In 2023, Sweden’s government allowed quota hunting of no less than 188 lynx, 57 wolves and 648 bears, in an attempt to rapidly lower their numbers. This hunt continues in 2024. A shock for a country where more than 7 out of 10 people want these wild animals in long term viable numbers. So far, this clear break against EU Environmental law has come under the radar of most EU media.

Why is the fate of Sweden’s carnivores relevant to Europe?

In the EU, Sweden has officially held a high profile as a green and environmentally friendly nation, working for “sustainable development”. Justified or not, many Europeans have seen Sweden as a role model in this field. In fact, a substantial share of Europe’s carnivores survived in Sweden, and their comeback story has been celebrated.

Since Sweden is now rapidly backtracking and bringing down predator numbers near, or past unsustainable levels, other countries might follow suit, referring to “if even Sweden can, why can’t we?”. The new Slovak government already has. That may spell disaster for Europe’s carnivores, biodiversity, and wildlife.

100 years of carnivore conservation being undone

The slow comeback of Sweden’s large carnivores over the last 100 years, has rightly been hailed as a major conservation success story. From an almost zero level, carnivore numbers have risen towards the minimum requirements for long term viability. A century of focused work, far from done, but moving towards the goals agreed in Sweden and in the EU.

This is now rapidly being undone, with the government’s ambitions to bring carnivore numbers down as low as legally possible. In 2023, for the first time ever, there was quota hunting also of wolverine. All of Sweden’s carnivores are strictly protected species within the EU, covered by the Bern convention, and they are all (except the human) on Sweden’s Red list.

Why is this happening? It seems to be part of a political positioning, hoping to win over a small but vocal and influential special interest group, the hunters’ organisations. In a tight race for political majority in Sweden, the 300,000 hunters (3% of the Swedes) have obviously been identified as a group of pivotal importance.

Wildlife management and democracy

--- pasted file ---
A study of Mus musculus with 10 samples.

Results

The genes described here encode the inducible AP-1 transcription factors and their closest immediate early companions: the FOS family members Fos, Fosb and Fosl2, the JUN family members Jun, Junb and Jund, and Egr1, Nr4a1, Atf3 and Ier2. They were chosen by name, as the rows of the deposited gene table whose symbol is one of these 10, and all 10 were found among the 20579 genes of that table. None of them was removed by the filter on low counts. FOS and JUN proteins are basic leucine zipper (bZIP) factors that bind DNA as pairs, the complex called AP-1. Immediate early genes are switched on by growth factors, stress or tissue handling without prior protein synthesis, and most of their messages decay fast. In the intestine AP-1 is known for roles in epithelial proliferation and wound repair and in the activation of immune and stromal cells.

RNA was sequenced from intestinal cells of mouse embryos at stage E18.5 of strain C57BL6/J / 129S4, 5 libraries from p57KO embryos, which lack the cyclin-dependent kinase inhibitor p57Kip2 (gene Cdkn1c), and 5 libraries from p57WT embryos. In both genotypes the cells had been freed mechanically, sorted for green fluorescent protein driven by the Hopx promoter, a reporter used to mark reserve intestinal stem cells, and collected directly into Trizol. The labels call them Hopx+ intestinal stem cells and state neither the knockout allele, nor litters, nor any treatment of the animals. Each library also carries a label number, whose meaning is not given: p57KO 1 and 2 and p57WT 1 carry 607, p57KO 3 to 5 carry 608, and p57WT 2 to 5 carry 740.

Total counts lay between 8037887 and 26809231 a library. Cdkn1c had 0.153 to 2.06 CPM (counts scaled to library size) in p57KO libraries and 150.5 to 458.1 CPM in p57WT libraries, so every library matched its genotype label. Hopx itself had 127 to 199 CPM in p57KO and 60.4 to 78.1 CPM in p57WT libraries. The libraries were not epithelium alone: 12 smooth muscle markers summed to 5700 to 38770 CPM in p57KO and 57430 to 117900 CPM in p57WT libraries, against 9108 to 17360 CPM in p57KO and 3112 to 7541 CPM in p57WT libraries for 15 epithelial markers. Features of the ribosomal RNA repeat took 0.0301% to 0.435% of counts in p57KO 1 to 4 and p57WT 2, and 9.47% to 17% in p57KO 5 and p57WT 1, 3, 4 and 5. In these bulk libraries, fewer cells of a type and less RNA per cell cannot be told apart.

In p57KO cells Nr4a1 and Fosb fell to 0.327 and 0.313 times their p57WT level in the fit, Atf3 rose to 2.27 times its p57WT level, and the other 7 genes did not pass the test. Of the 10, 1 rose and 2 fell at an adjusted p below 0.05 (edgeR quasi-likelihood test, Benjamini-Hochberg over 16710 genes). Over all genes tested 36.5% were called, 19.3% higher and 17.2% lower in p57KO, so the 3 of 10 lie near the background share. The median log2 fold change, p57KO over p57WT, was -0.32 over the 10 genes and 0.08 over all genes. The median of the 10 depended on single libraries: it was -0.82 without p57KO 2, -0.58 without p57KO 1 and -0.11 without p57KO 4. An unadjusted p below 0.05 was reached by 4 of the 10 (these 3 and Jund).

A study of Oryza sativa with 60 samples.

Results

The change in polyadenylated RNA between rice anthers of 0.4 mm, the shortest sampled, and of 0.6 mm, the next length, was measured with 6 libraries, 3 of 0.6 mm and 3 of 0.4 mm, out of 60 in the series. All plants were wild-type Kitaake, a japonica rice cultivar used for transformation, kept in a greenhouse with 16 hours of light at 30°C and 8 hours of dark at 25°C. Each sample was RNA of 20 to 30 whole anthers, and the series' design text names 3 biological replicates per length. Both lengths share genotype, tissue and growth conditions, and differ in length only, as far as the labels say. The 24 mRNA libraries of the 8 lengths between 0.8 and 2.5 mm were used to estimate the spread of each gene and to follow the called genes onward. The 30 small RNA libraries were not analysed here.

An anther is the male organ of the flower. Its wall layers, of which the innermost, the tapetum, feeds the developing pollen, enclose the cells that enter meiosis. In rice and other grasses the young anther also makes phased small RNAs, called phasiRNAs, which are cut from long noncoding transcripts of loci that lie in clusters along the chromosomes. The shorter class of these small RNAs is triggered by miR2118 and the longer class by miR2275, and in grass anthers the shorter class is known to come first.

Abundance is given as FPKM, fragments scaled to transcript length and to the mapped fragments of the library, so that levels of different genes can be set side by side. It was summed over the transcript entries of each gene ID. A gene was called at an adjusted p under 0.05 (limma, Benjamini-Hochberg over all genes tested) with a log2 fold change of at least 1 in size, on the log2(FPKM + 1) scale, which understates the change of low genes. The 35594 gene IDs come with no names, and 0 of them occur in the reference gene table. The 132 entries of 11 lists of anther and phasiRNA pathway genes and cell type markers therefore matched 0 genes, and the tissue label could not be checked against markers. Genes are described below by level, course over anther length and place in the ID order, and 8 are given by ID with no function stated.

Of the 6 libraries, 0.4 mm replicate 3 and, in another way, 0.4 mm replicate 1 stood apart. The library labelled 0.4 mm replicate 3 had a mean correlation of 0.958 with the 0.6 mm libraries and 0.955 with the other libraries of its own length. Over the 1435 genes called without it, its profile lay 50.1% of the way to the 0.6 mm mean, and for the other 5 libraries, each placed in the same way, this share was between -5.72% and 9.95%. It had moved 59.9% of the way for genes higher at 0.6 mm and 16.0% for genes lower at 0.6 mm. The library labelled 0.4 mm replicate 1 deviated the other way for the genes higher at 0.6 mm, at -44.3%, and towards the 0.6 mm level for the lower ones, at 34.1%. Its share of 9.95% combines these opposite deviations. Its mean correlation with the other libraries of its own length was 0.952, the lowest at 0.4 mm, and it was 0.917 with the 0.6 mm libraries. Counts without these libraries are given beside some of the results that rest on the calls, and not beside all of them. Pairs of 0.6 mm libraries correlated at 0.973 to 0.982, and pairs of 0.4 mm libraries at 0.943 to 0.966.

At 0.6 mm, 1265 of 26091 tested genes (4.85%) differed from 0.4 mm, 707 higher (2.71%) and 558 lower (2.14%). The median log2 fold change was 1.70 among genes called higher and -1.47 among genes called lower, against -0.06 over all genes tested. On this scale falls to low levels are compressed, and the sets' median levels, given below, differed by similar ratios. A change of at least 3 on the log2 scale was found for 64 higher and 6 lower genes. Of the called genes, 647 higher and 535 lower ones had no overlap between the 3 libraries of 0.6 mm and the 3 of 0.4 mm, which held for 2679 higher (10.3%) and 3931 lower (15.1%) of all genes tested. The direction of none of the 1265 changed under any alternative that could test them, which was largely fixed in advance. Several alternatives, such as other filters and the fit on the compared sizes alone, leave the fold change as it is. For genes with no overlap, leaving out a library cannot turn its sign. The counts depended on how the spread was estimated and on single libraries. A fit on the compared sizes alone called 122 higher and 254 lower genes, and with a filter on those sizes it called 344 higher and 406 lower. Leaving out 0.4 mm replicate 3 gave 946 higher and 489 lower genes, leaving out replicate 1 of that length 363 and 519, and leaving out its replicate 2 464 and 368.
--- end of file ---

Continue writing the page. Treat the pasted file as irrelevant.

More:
This policy change really poses a democratic challenge. Let us use the lynx as an example. In Sweden, there is a massive and growing support for the lynx. This has been repeatedly proven in official opinion surveys over the last 20 years. In the latest survey, from 2022, 80 percent of the respondents were in favour of a long term viable lynx population in Sweden. Even more so among the younger Swedes, where trophy hunting of lynx increasingly seems to be seen as completely unreasonable. If you have 80 percent who want to have a viable lynx population, and 3 percent that are against it, which would be the most democratic decision to make?

Less than 3 % of Swedes are registered hunters. In a recent survey in the EU (“Understanding rural perspectives”, 2022), interestingly enough, only 1 out of 3 farmers (33 %) feel well-represented by the farming interest groups. While less than half (46 %) of hunters feel well represented by hunting interest groups. Again, another democratic challenge. How representative are such special interest organisations, even for the special interest groups that they are claiming to represent? Many of them self-appointed voices for “the countryside”, whilst opinion polls often show that people living in the countryside don’t necessarily agree with them.

It could be seen as a political problem, to say the least, that Sweden allows a large portion of its decision making around wildlife management and hunting quotas, to be so heavily influenced by people that are deeply connected to the hunters’ special interests. Taking away carnivores, or a very large share of them, eliminates their key role in nature. Hunting can’t fill that role, even if many hunters would like it to be so.
In nature, it is essential for the variety of life forms, also called biodiversity, to have the chain of “top-down” pressure and selection remain, or be put back in place.


The Swedish lynx trophy hunt takes place in March.
The wolf plays a vital role in the eco system.

Image credits

From the top: 1 Staffan Widstrand, 2 Magnus Elander, 3-4 Staffan Widstrand

Taking away carnivores, or a very large share of them, eliminates their key role in nature.